Palma Violets’ bruising performance Tuesday secured their place as one of the best live acts in the world.

Palma Violets --

Palma Violets — Nobody makes a racket like they do.

By Adam Ellsworth

During “Matador,” a moody song from Palma Violets’ new album Danger in the Club, singer/guitarist Sam Fryer intones on multiple occasions, “All I felt was pain.” Pain is a recurring theme on the record. It comes in the form of shame on the quiet “No Money Honey,” and as a wish that the singer would rather die than be in love on the melodic “Coming Over to My Place.” In a more lighthearted way, agony also appears during the shuffling “Walking Home,” which finds bassist Chilli Jesson sing “There’s nothing for me anymore/I’m walking home/My baby’s got a new man/I’m walking home.”

This is not to suggest that the album is “about” pain, at least not any more than any other piece of art is, but there’s more suffering here than on the group’s 2013 debut 180. The amount of ache aside, a more obvious difference between Danger in the Club and 180 is that the band has considerably expanded their sonic palette. “The Jacket Song” is a waltz, “Secrets of America” sounds like a Parklife-era Blur track covered by the Libertines, and “Peter and the Gun” features spooky music and disturbing lyrics. As far as the above mentioned “pain” songs go, none of them could be categorized as the blistering rock Palma Violets are best known for.

Of course, the album does boast  gale force tunes as well. “Hollywood (I Got It),” “Girl, You Couldn’t Do Much Better on the Beach,” and “Gout! Gang! Go!” are all punk-inspired blasts, while lead singles “Danger in the Club” and “English Tongue” take this tried-and-true sound and add just the right amount of radio-friendliness.

Not surprisingly, the more familiar rock sound is what was on full display last Tuesday night at Great Scott during the band’s too short 45 minute set. By focusing on its singles, the group left out much of the torment and expanded musical horizons found in its latest album. By necessity, the setlist had to draw more from 180. That’s meant as an observation rather than a complaint, but it does make you wonder if Palma Violets are maturing faster in the studio than they are on the stage. No matter. Their bruising performance Tuesday secured their place as one of the best live acts in the world.

180’s “Rattlesnake Highway” and “Tom the Drum” opened the show and were (somehow) even more turbocharged than usual. As Fryer and Jesson flew around the stage and drummer Will Doyle and keyboardist Pete Mayhew held everything together, the band’s merchandiser/hype-man Harry Violent assumed his role as the Pied Piper of the slam-dancing pit and fired up the sellout crowd. By the third song, “Girl, You Couldn’t Do Much Better on the Beach,” the floor of Great Scott was literally bouncing beneath the feet of the audience.

Cover Art of Palma Violets' "Danger in the Club."

Cover Art of Palma Violets’ “Danger in the Club.”

Following a crowd singalong to “English Tongue” and a performance of the 180 standout “We Found Love,” “Matador” made an appearance. It was the first, and pretty much only, time during the night that there was a letup to the slam dancing. Still, during the tune’s instrumental breakdowns, which were harder and faster Tuesday night than in their recorded form, members of the crowd managed to find reasons to bash into each other a few times. Divorced from the rest of Danger in the Club, “Matador” didn’t pack quite the same emotional punch, but it proved the band’s live show has more than one gear and that they aren’t afraid to air some pain in public.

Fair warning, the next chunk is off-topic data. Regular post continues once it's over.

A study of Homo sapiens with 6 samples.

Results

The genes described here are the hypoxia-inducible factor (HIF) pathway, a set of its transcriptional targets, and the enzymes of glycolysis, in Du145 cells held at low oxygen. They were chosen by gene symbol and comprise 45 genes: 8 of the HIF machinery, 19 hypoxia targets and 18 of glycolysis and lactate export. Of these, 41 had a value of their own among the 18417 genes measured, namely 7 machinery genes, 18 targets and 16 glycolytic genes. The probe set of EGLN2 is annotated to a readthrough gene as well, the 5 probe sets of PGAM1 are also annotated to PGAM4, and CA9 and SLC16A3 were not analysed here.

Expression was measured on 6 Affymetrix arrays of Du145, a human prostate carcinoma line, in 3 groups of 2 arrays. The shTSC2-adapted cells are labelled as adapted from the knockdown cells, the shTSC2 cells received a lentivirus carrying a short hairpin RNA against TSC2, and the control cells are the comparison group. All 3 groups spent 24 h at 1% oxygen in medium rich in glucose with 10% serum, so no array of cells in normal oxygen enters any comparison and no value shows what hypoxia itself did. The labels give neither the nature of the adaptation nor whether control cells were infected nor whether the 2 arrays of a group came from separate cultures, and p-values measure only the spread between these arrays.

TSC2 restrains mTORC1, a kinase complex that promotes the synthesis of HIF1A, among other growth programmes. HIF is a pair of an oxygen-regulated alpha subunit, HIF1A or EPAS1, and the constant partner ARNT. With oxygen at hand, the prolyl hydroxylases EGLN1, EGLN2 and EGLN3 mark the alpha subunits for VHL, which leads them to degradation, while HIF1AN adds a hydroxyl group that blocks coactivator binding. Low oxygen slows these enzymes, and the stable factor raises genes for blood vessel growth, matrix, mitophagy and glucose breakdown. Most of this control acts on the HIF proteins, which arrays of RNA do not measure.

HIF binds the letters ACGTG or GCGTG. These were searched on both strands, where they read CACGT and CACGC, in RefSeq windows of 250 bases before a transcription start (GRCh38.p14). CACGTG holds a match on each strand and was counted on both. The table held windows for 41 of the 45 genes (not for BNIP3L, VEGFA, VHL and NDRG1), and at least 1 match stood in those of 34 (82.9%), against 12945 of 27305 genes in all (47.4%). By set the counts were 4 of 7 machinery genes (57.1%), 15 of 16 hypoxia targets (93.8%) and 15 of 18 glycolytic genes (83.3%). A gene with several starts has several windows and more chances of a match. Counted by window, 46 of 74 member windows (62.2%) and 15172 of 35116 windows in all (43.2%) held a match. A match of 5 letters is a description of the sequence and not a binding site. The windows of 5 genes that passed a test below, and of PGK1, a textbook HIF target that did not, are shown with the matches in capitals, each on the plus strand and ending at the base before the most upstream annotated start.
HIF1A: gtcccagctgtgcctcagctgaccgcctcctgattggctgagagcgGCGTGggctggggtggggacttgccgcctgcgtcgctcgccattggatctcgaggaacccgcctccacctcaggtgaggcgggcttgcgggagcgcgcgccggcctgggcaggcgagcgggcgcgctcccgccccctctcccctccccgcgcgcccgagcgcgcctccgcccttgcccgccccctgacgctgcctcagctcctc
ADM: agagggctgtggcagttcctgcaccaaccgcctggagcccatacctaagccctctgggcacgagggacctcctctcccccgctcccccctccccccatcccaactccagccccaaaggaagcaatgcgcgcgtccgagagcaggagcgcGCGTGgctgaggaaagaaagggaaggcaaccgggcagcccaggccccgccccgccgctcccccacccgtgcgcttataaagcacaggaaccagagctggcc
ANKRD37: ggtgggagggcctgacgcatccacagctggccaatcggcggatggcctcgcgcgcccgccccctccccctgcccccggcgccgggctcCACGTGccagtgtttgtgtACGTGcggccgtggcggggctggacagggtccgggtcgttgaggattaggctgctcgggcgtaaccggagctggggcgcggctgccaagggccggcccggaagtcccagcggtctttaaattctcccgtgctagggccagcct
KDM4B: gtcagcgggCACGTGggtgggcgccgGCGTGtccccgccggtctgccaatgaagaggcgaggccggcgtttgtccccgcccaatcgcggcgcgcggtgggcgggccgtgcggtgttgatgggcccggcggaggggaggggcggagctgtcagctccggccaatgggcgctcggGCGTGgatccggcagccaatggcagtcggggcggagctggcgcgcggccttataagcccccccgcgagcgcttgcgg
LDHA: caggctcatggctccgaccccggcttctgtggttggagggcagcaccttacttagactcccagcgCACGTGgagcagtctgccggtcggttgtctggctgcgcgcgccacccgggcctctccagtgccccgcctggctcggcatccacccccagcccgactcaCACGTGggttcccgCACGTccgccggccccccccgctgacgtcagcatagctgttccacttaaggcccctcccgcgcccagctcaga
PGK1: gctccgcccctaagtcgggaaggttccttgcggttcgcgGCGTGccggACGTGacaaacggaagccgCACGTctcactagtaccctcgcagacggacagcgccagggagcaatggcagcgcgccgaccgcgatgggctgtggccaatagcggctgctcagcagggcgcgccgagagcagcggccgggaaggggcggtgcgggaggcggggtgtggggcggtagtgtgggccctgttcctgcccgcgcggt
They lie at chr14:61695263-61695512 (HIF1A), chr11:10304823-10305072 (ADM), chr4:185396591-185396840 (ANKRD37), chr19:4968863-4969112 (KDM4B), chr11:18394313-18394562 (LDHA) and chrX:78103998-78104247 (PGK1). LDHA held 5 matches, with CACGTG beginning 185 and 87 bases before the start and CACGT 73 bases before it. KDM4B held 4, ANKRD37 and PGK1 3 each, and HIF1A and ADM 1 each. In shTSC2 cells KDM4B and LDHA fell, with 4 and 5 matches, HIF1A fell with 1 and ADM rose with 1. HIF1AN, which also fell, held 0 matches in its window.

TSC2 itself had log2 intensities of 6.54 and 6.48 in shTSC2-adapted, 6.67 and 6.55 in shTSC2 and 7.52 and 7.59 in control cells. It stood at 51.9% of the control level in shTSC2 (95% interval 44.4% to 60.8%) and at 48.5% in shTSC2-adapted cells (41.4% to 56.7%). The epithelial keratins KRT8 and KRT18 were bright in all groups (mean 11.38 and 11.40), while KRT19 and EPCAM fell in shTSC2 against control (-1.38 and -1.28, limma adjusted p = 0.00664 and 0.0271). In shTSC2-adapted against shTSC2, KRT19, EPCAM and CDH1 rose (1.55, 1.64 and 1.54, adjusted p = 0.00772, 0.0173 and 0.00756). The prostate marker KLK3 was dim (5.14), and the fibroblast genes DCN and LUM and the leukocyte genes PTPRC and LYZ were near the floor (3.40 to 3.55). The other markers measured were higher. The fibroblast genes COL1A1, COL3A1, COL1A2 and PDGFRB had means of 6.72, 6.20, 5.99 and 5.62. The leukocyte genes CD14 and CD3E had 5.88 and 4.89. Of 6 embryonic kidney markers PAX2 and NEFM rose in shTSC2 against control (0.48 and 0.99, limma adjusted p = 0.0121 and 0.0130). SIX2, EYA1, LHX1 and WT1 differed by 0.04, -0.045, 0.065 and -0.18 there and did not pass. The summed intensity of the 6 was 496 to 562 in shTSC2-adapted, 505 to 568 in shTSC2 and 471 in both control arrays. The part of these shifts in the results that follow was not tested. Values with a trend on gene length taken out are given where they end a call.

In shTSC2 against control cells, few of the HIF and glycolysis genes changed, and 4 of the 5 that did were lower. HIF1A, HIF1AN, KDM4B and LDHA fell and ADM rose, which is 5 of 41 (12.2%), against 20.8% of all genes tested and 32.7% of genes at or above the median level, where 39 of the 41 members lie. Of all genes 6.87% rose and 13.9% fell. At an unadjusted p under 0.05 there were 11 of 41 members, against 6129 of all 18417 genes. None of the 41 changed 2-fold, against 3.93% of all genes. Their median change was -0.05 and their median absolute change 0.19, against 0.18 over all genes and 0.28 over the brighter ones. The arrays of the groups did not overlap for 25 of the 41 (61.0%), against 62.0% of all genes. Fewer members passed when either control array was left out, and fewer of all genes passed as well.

Lest things get too emotionally heavy, the group next played (to the delight of the audience) their breakout hit “Best of Friends” and followed it with their second single “Step Up for the Cool Cats.” The relaxed “Walking Home” came next, before the show went racing down the homestretch with takes of “Johnny Bagga’ Donuts,” “Danger in the Club,” and “14,” the latter nicely bookended by a cover of Bob Dylan’s “Death Is Not the End.” At the very close of the night, Harry was called from the floor to the stage to take vocals on a cover of the Hot Nasties’ classic “Invasion of the Tribbles.”

It was all over too soon, though it’s hard to see how they could have kept up such a ferocious pace. As the band’s sets get longer, perhaps a few more of the newer — and more emotionally diverse — songs will be slipped in to balance things out. That’s certainly something to look forward to, but in the meantime, nobody makes a racket like Palma Violets.


Adam Ellsworth is a writer, journalist, and amateur professional rock and roll historian. His writing on rock music has appeared on the websites YNE Magazine, KevChino.com, Online Music Reviews, and Metronome Review. His non-rock writing has appeared in the Worcester Telegram and Gazette, on Wakefield Patch, and elsewhere. Adam has a MS in Journalism from Boston University and a BA in Literature from American University. He grew up in Western Massachusetts, and currently lives with his wife in a suburb of Boston. You can follow Adam on Twitter @adamlz24.